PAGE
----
Where is the fun in waste?

Two years ago when my heat pump went bad, my local air conditioning contractor suggested that I purchase the highest SEER rating (efficiency rating) available, even though the initial investment was a little more. To my surprise, the new heat pump was efficient enough that my monthly electric bill dropped by 25 percent. I eliminated waste and had the fun of banking the savings from my investment! I am certain that many of you are also looking for ways to eliminate waste in your personal lives in this current economy. Now here is the big question: How is it that so many of us are trying to eliminate the waste in our personal situations, while we can go to work each day and observe so much waste in our work environment without doing something about it?

This is especially true in the manufacturing environment. One of the most common reasons we find for not eliminating waste is that many people simply don’t know where to start or how to effectively find and eliminate waste, and often the payoff or return for the effort of eliminating waste is not understood at all levels. You must have a plan to succeed.

1) Know the return on investment and share it. As leaders and managers, we cannot simply tell our people to go find the waste and get rid of it. Where is the fun in that? They need to understand the value to the company and themselves in finding and eliminating waste, which provides on one side the challenge to find the waste, and ultimately the fun and satisfaction of seeing the tangible results of eliminating the waste and creating more efficiency and profit in processes.

2) Get the team together and set the stage. People must be trained in what to look for, how to look for it, what to do with it, and how to effectively ensure that the waste is permanently eliminated. Running a simulation of waste elimination in a controlled environment works very well at establishing rules and expectations before you turn the team loose on the manufacturing floor. (My colleague Joe Mikes uses an interesting and fun exercise called the “Waste Elimination Game”, which is designed to train an organization in finding and eliminating waste.)

3) Back to basics. The best starting point for a waste elimination game is where you first started. Knock the dust off your original process value stream map and validate that you still do business the same way that you started. Chances are that you’ve modified the value stream over the years and became less efficient or created more waste as a result. Keep in mind that the waste you identify may not be something you can touch. Non-value-added time is often the biggest waste in a manufacturing process.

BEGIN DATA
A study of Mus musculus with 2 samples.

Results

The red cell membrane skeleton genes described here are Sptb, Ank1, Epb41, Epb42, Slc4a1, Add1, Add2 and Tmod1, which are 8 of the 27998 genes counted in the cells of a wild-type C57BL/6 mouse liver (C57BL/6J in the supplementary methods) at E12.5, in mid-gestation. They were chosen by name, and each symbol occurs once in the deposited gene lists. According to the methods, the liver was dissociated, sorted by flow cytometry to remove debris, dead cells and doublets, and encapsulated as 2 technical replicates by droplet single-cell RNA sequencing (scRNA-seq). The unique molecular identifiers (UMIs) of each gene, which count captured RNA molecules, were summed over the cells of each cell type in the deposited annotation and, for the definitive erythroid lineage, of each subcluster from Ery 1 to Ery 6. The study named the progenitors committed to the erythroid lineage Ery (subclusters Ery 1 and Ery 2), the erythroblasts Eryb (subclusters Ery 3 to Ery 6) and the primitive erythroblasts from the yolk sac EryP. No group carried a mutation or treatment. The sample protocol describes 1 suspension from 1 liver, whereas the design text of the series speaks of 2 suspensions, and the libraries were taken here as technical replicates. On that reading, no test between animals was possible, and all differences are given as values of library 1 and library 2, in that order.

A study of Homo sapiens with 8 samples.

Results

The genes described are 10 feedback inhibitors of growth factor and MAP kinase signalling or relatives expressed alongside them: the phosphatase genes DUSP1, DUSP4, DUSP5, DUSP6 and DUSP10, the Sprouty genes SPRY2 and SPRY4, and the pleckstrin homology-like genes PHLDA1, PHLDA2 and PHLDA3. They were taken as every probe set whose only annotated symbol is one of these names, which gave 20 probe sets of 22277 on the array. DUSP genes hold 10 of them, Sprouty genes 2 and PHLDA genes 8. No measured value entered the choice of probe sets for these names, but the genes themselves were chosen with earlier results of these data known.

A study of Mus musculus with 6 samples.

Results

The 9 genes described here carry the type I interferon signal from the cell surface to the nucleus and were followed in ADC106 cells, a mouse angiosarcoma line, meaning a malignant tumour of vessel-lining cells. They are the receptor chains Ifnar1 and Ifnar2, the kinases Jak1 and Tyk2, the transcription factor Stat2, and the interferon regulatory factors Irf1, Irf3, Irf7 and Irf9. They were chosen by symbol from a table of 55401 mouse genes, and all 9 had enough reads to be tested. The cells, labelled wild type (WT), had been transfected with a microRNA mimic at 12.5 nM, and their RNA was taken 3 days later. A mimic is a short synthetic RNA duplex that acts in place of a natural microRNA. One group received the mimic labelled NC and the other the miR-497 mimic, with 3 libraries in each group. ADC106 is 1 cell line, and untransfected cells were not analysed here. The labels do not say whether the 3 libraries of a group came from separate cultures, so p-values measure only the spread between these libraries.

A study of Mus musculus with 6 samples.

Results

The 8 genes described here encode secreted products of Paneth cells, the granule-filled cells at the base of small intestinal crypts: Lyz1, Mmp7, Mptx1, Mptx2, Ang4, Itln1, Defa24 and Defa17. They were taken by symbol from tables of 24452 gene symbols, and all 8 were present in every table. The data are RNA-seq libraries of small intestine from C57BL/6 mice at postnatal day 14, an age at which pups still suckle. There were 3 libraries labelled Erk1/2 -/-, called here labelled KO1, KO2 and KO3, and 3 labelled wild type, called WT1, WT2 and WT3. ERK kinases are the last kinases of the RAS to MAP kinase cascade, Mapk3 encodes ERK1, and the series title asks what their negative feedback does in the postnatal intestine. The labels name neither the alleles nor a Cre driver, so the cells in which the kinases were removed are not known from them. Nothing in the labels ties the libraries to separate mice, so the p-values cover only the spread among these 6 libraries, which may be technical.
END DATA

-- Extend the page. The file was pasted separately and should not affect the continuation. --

4) Develop a plan to implement the change required to eliminate the waste identified. Determine what is to be done, when it will be done, and who will do it.

5) Measure, measure, measure! You cannot improve that which is not measured. Develop meaningful metrics to help you see success when it happens. If you can plot and see it on a graph, the response from your team is immediate and self-fulfilling. It will also create a “pull” from other areas to start this “waste removal” game throughout the facility.

Eliminating waste in manufacturing should not be a “chore” to everyone in the facility. Approached properly, the exercise of eliminating waste is an exciting and fun challenge in which everyone – company, employees and customers – wins in the end.

About the author:
Bob Call is a principal consultant with Life Cycle Engineering Inc. Bob has more than 25 years of experience in maintenance and reliability, with a strong background in reliability process development and implementation. He has helped many organizations transform their business and culture into a proactive and continuously improving operation, ensuring sustainability and increased market competitiveness. Contact Bob at bcall@lce.com. For more information about LCE, visit www.LCE.com or call 843-744-7110.